In Tellabs, Inc. v. Makor Issues & Rights Ltd., the United States Supreme Court clarified the standard for pleading scienter under the Private Securities Litigation Reform Act of 1995 (the "PSLRA"). To establish liability under Section 10(b) of the Securities Exchange Act of 1934, and Rule 10b-5 promulgated thereunder, a private plaintiff must plead and prove, among other things, that the defendant acted with scienter, that is, with "a mental state embracing intent to deceive, manipulate, or defraud." 2 However, in an effort to curb perceived abuses of the Section 10(b) private cause of action, particularly in the class action context, Congress enacted certain new procedures and controls in the PSLRA, including heightened pleading standards for private litigants in Section 10(b) actions.
In particular, the PSLRA requires a plaintiff to allege with particularity both the facts constituting the alleged violation, and the facts evidencing scienter. With respect to the latter requirement, Section 21D(b)(2) of the PSLRA mandates that in a private securities fraud action brought under Section 10(b), a plaintiff must "state with particularity facts giving rise to a strong inference that the defendants acted with the required state of mind."3 However, Congress left unspecified precisely what plaintiffs had to allege to establish a "strong inference" of scienter, and the courts of appeal had adopted differing standards that litigants had to meet to satisfy that provision.
In Tellabs, the Court rejected the standard adopted by the Seventh Circuit, which permitted a plaintiff to satisfy the "strong inference" standard merely by alleging facts "'from which, if true, a reasonable person could infer that the defendant acted with the required intent.'"4 Concluding that the Seventh Circuit's standard did not "capture the stricter demand Congress sought to convey in § 21D(b)(2),"5 the Court instead held that
[T]o determine whether a complaint's scienter allegations can survive threshold inspection for sufficiency, a court governed by § 21D(b)(2) must engage in a comparative evaluation; it must consider, not only inferences urged by the plaintiff, as the Seventh Circuit did, but also competing inferences rationally drawn from the facts alleged. An inference of fraudulent intent may be plausible, yet less cogent than other, nonculpable explanations for the defendant's conduct. To qualify as "strong" within the intendment of § 21D(b)(2), we hold, an inference of scienter must be more than merely plausible or reasonable — it must be cogent and at least as compelling as any opposing inference of nonfraudulent intent. 6
The Court went on to articulate a three-step analytical approach that a district court must apply on a Rule 12(b)(6) motion to dismiss in adjudicating the sufficiency of scienter allegations asserted by a private litigant in a Section 10(b) action. First, as with any motion to dismiss, the court must accept as true all factual allegations asserted in the complaint.7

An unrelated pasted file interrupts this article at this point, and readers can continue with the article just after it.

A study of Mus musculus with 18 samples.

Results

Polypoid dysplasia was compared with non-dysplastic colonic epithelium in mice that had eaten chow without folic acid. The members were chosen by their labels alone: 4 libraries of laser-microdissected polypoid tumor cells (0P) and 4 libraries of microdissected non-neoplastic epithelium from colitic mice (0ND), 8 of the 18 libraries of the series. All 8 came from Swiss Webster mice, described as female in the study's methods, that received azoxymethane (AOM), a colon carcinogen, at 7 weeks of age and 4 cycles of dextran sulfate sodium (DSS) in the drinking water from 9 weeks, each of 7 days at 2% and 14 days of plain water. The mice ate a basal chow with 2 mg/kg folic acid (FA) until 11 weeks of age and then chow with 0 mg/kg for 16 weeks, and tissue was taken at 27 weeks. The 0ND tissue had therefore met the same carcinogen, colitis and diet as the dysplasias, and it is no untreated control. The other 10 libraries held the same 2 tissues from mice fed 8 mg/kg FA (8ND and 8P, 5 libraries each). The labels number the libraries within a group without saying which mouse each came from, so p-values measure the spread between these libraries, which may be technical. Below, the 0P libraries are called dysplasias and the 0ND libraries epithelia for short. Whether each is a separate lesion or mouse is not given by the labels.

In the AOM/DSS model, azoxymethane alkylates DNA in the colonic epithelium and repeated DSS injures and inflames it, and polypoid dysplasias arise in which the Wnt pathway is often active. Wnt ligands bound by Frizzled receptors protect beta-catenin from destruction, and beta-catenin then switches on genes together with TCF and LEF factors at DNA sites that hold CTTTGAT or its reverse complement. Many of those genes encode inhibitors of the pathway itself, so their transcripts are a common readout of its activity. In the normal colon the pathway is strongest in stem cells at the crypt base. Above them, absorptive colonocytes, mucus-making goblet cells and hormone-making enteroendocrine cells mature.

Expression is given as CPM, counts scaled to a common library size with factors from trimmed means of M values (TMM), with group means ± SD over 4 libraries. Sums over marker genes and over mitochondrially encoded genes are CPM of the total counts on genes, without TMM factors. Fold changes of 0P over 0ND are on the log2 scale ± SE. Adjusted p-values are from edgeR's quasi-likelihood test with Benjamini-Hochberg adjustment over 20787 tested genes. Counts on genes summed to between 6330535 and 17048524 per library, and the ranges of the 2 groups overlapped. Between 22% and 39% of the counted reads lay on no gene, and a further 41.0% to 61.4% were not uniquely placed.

Second, the court also must consider the complaint in its entirety, as well as other sources courts ordinarily examine when ruling on motions to dismiss, including "documents incorporated into the complaint by reference, and matters of which a court may take judicial notice." The Court emphasized that "[t]he inquiry, as several Courts of Appeals have recognized, is whether all of the facts alleged, taken collectively, give rise to a strong inference of scienter, not whether any individual allegation, scrutinized in isolation, meets the standard."8 This requirement is particularly significant in that it requires a court on a motion to dismiss to review a wide range of materials found outside the pleadings themselves. This requirement could severely limit a plaintiff's ability to selectively quote from various documents and public filings in the complaint in an effort to satisfy the strict pleading standards of the PSLRA.
Third, the court must take into account plausible opposing inferences.9 That is, "[t]o determine whether the plaintiff has alleged facts that give rise to the requisite 'strong inference' of scienter, a court must consider plausible nonculpable explanations for the defendant's conduct, as well as inferences favoring the plaintiff."10 Although the inference that the defendant acted with the requisite state of mind "need not be irrefutable," the Court emphasized that "the inference of scienter must be more than merely 'reasonable' or 'permissible' — it must be cogent and compelling, thus strong in light of other explanations."11
Although it appears that any private plaintiff asserting a Section 10(b) action will face a steep hurdle at the motion-to-dismiss stage, only time will tell whether the pleading standard adopted by the Court in Tellabs is effective in weeding out at the motion-to-dismiss stage frivolous securities actions brought under Section 10(b).